The Use of Crossover Immunoelectrophoresis to Detect Human Blood Protein in Soil from an Ambush Scene in Kosovo

Authors


  • Presented at the 55th Annual Meeting of the American Academy of Forensic Sciences, February 17–22, 2003, in Chicago, IL.

  • Supported in parts by grants from Sigma Xi, and the Museum of Natural Science, Louisiana State University.

Additional information and reprint requests:
Hugh Tuller, M.A.
Joint POW/MIA Accounting Command
Central Identification Laboratory
310 Worchester Avenue
JBPHH, HI 96853
E-mail: hugh.tuller@jpac.pacom.mil

Abstract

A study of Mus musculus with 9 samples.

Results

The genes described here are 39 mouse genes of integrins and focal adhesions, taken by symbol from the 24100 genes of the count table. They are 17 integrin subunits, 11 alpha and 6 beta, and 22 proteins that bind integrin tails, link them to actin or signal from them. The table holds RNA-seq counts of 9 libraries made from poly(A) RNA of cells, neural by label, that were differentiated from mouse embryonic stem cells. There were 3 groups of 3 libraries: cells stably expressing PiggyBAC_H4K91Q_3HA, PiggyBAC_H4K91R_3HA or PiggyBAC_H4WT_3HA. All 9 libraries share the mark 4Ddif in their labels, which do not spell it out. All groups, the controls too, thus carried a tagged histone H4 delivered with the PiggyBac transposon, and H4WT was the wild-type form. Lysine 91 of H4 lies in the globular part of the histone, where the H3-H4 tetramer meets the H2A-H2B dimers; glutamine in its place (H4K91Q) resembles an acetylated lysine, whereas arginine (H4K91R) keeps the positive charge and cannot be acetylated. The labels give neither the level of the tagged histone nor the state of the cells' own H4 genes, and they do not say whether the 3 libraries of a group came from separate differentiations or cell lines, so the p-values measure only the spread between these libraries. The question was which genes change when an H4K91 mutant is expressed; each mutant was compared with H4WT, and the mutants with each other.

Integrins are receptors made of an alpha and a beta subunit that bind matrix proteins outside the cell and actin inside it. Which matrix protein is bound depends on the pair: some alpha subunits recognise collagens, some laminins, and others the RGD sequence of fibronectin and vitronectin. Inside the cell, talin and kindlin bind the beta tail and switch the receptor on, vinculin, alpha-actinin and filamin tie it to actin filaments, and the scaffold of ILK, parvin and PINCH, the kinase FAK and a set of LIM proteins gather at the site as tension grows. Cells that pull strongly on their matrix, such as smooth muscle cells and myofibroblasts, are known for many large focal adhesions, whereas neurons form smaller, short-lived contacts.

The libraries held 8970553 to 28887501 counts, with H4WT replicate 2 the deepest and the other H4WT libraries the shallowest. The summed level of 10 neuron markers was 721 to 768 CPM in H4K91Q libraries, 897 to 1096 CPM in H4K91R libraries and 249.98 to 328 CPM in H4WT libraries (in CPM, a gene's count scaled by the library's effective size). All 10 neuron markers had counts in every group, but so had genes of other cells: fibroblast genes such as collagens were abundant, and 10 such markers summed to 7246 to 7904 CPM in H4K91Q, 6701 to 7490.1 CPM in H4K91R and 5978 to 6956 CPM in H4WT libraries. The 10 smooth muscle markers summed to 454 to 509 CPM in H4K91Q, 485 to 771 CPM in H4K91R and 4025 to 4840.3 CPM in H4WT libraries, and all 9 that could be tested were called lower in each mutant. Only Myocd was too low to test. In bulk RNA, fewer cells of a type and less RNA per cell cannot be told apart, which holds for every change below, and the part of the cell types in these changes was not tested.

Abstract:  This study examines the survivability of human blood proteins in soils from a year and a half old ambush scene in Kosovo. A total of 72 soil samples were collected, a number of which were directly associated with bone fragments or bullet projectiles. The samples were examined using crossover immunoelectrophoresis (CIEP) to determine the presence of blood protein and species affiliation. Human blood proteins were identified in 44 of the 72 samples (61%) with the majority of the positive observations (29 of 44) found 0.0–4.5 cm below ground surface (65%). Chi-squared and two-sample difference of proportions tests confirmed significant differences between samples with and without associated physical evidence and the presence and depth of human blood proteins. While DNA has largely replaced immunological analysis in forensic analyses, our results suggest that in particular situations, CIEP may still be a valuable tool in criminology.